Thursday 19 April 2012

D&D is a Story Game ...

But the DM isn't telling the players' story, but the dungeon's.

This is the best way I know to set up the last chunk of my comments and improvements-through-play for Tomb of the Iron God. Because in addition to making the dungeon's features more suitable for analog play, I also needed to thread a more coherent story through the adventure.

Like exploration or roleplaying, figuring out the dungeon's story doesn't need an explicit in-game reward, because it carries its own reward. All the same, story-delving can pass clues back to the adventure game. Insights from the dungeon's story help the players figure out where its treasure is, how to defeat a monster or bypass a hazard.

The dungeon's story also informs the larger campaign. What if the builders or occupiers are a faction in the wider world? Might there be secrets they don't want known? Stories they don't want told? A back-and-forth begins between the story of the dungeon and the story of the wider campaign. The most meaningful adventures get themselves embedded in this way.

Whose history is it?
Take all the advice and dialogue about how gamemasters should handle the party's story, and turn it into how they should handle the dungeon's story. It's different, of course; the history of the dungeon is set already, while the story of the party spools into the future. And yet ...a "railroaded" revelation of history is instantly recognizable, as clue follows on clue in a linear fashion. Histories are more interesting if their parts are not all equally discoverable, and seem a little incomplete even when totally revealed. Even more compelling, though difficult to pull off, is the Rashomon history - where different parts of the environment reveal different perspectives on events, and each group that goes through is likely to get a different story.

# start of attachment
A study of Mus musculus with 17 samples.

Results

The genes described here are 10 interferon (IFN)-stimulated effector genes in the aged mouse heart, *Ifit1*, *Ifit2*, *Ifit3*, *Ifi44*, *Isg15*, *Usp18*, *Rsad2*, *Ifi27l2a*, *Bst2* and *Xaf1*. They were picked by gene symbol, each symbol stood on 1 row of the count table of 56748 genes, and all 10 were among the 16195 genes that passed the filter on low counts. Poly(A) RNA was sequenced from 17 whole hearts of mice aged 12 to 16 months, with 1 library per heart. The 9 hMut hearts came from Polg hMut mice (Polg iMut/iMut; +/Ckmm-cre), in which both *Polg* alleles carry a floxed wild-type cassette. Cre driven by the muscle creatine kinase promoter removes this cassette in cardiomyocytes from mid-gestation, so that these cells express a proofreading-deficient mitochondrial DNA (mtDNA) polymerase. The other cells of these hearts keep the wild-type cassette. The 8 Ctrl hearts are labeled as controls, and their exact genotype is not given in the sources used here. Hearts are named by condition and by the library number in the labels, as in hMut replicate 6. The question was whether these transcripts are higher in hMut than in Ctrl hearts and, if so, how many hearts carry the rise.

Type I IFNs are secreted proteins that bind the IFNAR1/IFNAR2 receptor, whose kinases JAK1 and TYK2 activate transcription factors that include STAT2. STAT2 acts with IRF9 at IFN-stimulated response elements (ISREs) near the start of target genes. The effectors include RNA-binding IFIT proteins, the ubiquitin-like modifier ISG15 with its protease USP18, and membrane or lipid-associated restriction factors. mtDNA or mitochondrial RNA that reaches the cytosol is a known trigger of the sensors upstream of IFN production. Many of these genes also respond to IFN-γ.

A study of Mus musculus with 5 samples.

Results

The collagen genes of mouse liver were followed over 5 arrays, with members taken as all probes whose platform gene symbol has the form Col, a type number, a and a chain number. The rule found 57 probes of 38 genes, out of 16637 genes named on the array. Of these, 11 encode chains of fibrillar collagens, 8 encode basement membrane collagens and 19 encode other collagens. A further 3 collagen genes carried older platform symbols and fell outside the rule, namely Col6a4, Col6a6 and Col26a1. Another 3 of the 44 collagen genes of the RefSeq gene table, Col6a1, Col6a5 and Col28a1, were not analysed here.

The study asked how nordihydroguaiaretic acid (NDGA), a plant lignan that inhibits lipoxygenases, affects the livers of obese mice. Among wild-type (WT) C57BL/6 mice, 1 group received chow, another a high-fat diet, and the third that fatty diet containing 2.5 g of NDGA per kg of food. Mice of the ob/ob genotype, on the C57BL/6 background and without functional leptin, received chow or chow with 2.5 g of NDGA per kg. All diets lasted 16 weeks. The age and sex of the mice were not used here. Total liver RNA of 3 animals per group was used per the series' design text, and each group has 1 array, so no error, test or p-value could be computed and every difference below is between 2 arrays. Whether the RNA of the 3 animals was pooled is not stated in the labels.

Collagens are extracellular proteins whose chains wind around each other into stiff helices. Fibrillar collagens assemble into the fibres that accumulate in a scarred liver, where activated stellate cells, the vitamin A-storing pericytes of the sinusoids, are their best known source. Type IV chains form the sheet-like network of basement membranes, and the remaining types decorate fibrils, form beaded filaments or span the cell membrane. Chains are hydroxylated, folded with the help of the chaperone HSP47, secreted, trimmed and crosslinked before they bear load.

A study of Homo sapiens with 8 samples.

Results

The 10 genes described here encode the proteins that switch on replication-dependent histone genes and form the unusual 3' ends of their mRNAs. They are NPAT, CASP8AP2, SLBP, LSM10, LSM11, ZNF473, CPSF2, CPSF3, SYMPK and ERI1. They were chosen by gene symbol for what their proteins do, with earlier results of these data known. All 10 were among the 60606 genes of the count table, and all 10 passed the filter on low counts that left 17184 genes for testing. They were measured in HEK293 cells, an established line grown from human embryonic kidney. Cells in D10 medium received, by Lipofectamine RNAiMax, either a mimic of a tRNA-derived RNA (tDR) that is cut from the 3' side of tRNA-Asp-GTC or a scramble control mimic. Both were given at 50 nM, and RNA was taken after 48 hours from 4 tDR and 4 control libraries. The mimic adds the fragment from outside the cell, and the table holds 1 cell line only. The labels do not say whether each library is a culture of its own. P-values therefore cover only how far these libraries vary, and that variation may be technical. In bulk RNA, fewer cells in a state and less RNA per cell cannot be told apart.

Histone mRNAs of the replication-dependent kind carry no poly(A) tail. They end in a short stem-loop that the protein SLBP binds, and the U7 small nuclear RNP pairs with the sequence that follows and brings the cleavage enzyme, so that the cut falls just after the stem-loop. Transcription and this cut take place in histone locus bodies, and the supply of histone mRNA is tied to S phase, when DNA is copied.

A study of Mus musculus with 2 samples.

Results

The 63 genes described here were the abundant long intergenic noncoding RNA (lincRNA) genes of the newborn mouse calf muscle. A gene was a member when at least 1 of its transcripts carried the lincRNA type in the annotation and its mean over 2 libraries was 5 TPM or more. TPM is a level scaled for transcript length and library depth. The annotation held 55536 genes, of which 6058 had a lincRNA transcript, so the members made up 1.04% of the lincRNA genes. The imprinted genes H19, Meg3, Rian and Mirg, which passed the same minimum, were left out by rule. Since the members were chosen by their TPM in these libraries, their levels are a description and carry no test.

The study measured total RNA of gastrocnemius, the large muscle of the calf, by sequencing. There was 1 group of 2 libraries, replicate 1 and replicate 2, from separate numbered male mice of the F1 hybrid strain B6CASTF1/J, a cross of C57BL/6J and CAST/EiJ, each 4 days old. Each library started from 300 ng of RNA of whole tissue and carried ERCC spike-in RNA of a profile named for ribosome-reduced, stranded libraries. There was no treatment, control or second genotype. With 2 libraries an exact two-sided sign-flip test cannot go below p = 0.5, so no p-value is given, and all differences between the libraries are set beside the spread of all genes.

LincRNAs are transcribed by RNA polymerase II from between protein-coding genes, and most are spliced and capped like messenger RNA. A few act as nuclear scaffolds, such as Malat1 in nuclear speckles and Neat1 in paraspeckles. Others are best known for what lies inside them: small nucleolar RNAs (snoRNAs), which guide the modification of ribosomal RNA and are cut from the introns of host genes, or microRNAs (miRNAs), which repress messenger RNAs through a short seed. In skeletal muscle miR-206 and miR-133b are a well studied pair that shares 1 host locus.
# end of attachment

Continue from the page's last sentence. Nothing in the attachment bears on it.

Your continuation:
Part of old-school revivalism among the more experimental games set has involved just such a focus on generating adventure backstory through play - whether How to Host a Dungeon or Microscope.
If not generated by play of its own, then a story is hard to improvise. It can be done - I'll show you how, next post in this series - but it won't click as well.

So if I would urge one thing on module designers, it's this: Give the adventure a story of its own. Lay some initial clues down, make the structure of it interesting. Everything else I can handle - the mixed dwarven and Imperial coins in the hoard, the doors of stone because they couldn't be bothered to haul wood so far, the way the kobolds fall down and worship the party when cornered because they believe that the Architects will come again.

Oh, and who's telling the party's story? Why the party, the dice, and the DM, in one big contested collaboration. But the dungeon's story rests on one pair of shoulders only.